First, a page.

January 25, 2021 5 min read
Opinions expressed by Entrepreneur contributors are their own.
At Blue Label Labels, we refer to ourselves as a digital product agency as our services extend far beyond on-demand app development. Our team of over 60 people is dispersed around the world which boasts both advantages and disadvantages across every aspect of the business.
Taking advantage of everything the Internet has to offer makes running a business easier but it’s also a bit like nuclear technology. You can use it to provide clean power, but a slip up can result in catastrophic damages.
Imploding as a business starts with relatively innocuous actions that eventually spin out of control when left unchecked. There wasn’t a great guide book on how to succeed with this model when we started. Fortunately we figured most of this out for ourselves. Here’s how to bypass many of the roadblocks by, well, not having to commute on a road, period.
Why our digital company works well as a remote model
The main goal of a successful agency is to save money by circumventing unnecessary expenses.
Being in Manhattan, the cost to relocate everyone on our payroll to one (or more) office spaces would create a massive dent in our current revenue of around $5 million a year. While a physical workspace does help facilitate better professional relationships, the supposed average for New York office space is around $83 a square foot, and the de facto standard space for an employee is said to be an 8 x 10 square foot area (or 80 square feet, though this figure varies substantially). Based on this sadly conservative model we could be spending $6640 a head, every month, for our staffers.
To me the overall cool factor of a work environment is heavily dependent on the price. My staff agrees that it’s better to get together at someone’s house once a quarter, and catch up in person, than to fork over hard-earned loot just to sit in a slick-looking office after battling the daily commute.
Other expenses of a digital product agency
Regardless of whether you operate from a physical location or furnish software that allows your teams to work remotely, other expenses need to be factored into your finances.
We aim to operate at about 50% gross profit margin. From this we factor in our salaries, healthcare and other costs which consume 30% after it’s all said and done. We don’t use a formal, static working space but we do take advantage of WeWork for our employees. This, and other tools, impact our bottom line.
Comparatively, this is a small component of much more significant expenses such as employee salaries and healthcare expenses. Even though these costs are far higher than basically everywhere else in the world, it’s still worth it as these people are not only human beings, but everyone works better when they’re physically and mentally well.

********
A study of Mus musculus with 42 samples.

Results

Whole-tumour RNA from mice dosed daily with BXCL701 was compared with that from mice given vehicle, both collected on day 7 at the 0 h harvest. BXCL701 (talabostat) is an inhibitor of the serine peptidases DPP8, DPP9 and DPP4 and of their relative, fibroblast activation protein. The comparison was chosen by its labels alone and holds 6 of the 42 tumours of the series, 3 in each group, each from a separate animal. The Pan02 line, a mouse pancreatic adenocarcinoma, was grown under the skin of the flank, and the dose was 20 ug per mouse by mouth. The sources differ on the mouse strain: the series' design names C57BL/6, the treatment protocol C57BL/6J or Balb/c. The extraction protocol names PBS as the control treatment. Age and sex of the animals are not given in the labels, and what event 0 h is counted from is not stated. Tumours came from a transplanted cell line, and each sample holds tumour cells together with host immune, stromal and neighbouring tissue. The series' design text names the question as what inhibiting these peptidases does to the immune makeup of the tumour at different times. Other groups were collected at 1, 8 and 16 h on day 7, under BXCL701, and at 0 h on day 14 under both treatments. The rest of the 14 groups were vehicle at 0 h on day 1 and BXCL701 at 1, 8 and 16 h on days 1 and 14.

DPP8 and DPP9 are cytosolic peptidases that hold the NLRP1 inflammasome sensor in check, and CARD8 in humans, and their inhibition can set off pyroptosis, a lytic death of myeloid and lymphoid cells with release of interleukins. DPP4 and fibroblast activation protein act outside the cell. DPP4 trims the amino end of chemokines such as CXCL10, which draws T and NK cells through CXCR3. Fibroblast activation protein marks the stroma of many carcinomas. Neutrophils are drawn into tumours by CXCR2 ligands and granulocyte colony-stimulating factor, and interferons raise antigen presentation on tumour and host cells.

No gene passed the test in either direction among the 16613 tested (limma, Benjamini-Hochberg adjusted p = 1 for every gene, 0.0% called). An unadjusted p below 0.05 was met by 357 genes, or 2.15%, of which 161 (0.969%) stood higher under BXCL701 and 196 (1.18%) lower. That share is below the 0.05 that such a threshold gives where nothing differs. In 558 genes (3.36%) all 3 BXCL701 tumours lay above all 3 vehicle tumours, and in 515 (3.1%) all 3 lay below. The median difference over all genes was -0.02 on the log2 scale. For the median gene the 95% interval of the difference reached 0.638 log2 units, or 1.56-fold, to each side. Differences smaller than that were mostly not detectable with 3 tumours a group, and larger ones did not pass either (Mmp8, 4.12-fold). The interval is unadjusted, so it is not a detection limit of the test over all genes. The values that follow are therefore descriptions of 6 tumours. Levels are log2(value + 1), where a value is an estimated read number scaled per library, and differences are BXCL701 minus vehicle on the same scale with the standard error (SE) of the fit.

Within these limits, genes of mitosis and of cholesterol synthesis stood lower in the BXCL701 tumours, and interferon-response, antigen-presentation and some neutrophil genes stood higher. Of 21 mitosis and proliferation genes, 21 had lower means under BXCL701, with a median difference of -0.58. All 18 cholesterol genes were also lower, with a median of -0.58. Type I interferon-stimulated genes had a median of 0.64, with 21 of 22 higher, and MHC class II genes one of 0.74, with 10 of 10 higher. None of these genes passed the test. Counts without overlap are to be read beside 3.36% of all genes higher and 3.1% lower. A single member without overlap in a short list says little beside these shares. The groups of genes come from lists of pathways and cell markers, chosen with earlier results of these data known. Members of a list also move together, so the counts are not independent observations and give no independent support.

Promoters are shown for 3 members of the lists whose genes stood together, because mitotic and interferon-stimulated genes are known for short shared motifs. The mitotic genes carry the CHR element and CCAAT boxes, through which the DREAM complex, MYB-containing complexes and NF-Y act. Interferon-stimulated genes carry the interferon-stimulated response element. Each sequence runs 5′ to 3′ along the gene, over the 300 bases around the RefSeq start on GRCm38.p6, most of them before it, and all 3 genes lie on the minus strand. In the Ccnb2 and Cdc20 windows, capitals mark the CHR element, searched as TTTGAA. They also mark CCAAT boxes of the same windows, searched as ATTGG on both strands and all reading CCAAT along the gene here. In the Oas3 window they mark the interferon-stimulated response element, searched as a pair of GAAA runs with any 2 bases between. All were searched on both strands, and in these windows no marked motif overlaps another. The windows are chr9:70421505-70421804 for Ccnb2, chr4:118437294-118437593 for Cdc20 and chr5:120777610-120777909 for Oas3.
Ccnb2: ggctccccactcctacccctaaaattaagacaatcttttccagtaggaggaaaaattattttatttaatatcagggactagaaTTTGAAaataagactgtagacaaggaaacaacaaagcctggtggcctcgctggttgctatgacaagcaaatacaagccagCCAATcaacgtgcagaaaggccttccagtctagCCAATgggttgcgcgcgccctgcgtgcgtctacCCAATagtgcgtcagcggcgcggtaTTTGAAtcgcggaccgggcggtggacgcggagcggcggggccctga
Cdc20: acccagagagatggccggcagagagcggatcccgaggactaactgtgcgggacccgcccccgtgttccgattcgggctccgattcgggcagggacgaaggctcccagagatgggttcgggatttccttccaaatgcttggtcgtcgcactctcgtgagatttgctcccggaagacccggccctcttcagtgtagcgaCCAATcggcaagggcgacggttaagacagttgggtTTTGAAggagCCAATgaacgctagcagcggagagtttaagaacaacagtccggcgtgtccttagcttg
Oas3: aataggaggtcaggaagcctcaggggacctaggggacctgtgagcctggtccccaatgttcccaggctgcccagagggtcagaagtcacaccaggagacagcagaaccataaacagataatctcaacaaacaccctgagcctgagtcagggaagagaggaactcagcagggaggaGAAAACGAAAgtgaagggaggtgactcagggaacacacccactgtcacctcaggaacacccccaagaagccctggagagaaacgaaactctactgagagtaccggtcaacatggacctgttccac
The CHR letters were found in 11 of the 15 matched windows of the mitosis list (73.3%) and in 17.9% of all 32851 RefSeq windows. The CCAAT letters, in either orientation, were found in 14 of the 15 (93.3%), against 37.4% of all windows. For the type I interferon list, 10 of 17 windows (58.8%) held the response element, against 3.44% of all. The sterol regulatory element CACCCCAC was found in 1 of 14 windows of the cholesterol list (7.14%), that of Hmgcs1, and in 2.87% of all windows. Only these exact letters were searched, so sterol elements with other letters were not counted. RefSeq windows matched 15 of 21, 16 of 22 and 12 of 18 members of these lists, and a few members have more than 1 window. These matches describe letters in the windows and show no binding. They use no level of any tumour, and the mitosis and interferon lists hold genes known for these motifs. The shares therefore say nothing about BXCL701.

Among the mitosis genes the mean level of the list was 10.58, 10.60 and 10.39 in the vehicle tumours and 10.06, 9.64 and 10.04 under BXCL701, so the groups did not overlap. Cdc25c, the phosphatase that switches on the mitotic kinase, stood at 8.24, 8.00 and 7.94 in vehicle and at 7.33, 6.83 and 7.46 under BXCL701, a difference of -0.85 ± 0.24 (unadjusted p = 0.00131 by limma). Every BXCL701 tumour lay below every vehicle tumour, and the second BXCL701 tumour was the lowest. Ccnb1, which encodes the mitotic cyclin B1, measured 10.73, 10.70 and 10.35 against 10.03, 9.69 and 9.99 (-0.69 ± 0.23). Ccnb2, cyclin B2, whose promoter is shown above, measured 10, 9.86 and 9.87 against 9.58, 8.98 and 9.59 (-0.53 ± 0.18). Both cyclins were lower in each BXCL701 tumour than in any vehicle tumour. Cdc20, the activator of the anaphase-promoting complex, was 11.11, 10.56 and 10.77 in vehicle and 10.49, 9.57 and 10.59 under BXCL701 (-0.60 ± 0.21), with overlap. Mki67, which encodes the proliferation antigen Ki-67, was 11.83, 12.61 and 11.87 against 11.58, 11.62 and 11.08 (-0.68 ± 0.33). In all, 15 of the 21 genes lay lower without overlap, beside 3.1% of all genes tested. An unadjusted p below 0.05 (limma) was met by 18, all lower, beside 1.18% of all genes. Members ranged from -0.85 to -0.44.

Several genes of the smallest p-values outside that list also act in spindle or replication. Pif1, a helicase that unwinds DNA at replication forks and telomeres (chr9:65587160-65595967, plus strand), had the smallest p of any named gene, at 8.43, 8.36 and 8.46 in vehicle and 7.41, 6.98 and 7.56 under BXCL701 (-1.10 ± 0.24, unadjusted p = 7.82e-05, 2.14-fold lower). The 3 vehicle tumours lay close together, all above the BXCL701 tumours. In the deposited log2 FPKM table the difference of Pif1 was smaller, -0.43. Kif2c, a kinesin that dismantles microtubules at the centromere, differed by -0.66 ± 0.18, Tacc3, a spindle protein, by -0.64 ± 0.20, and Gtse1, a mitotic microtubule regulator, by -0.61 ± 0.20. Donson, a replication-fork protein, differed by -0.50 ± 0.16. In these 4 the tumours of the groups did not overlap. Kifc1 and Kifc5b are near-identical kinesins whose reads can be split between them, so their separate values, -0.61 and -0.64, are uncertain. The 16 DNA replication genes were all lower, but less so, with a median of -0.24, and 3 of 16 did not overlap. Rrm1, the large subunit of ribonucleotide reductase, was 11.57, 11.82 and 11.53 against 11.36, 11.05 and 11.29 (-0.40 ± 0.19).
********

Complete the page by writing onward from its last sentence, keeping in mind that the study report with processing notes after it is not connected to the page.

We also do have to pay for software our employees use to communicate, build software and keep projects on track. These costs are relatively minor in the grand scheme of things. You may be fronting a few hundred dollars per employee for software, yet it’s way cheaper when stacked against the costs of office space.
Snagging the best clients
The idea is to not only transition leads into clients but keep them onboard for as long as possible. It’s not always feasible as some projects are clearly a one-time thing which is sometimes, but not always, obvious from the get-go.
Of course, this isn’t always the case. We’re more than willing to get the right people up to speed with a Design Sprint then hand the reigns over to a competent team but we’re a bit biased and feel we can best support a system or app over the long run.
For short-lived relationships, it’s really not our responsibility to ensure things go smoothly after fulfilling the terms of a forerunner-esque arrangement. We prefer to maintain a relationship and cultivate both the business model as well as ongoing software development. It doesn’t always pan out this way so we try our best to provide an internal, or external, team with all the information they need to succeed.
Like any agency, we prefer to have higher-paying, long-term clients. For example: One client generating $200K for upfront development then $50K a year to maintain is usually preferable compared to one client that pays $250K. Naturally such ideals don’t always come to fruition as we understand both the complexities and effort involved in this line of work. While our preferences might seem overly idealistic, understand that any software development company is looking to keep you around for as long as possible.
Sure it’s great to be around the people you enjoy every day, but it’s also rewarding to be able to wear your pajamas for the better half of the day and get work done on your own time. You don’t need some slick, overpriced workplace environment to be a great company. You just need to deliver a solid product.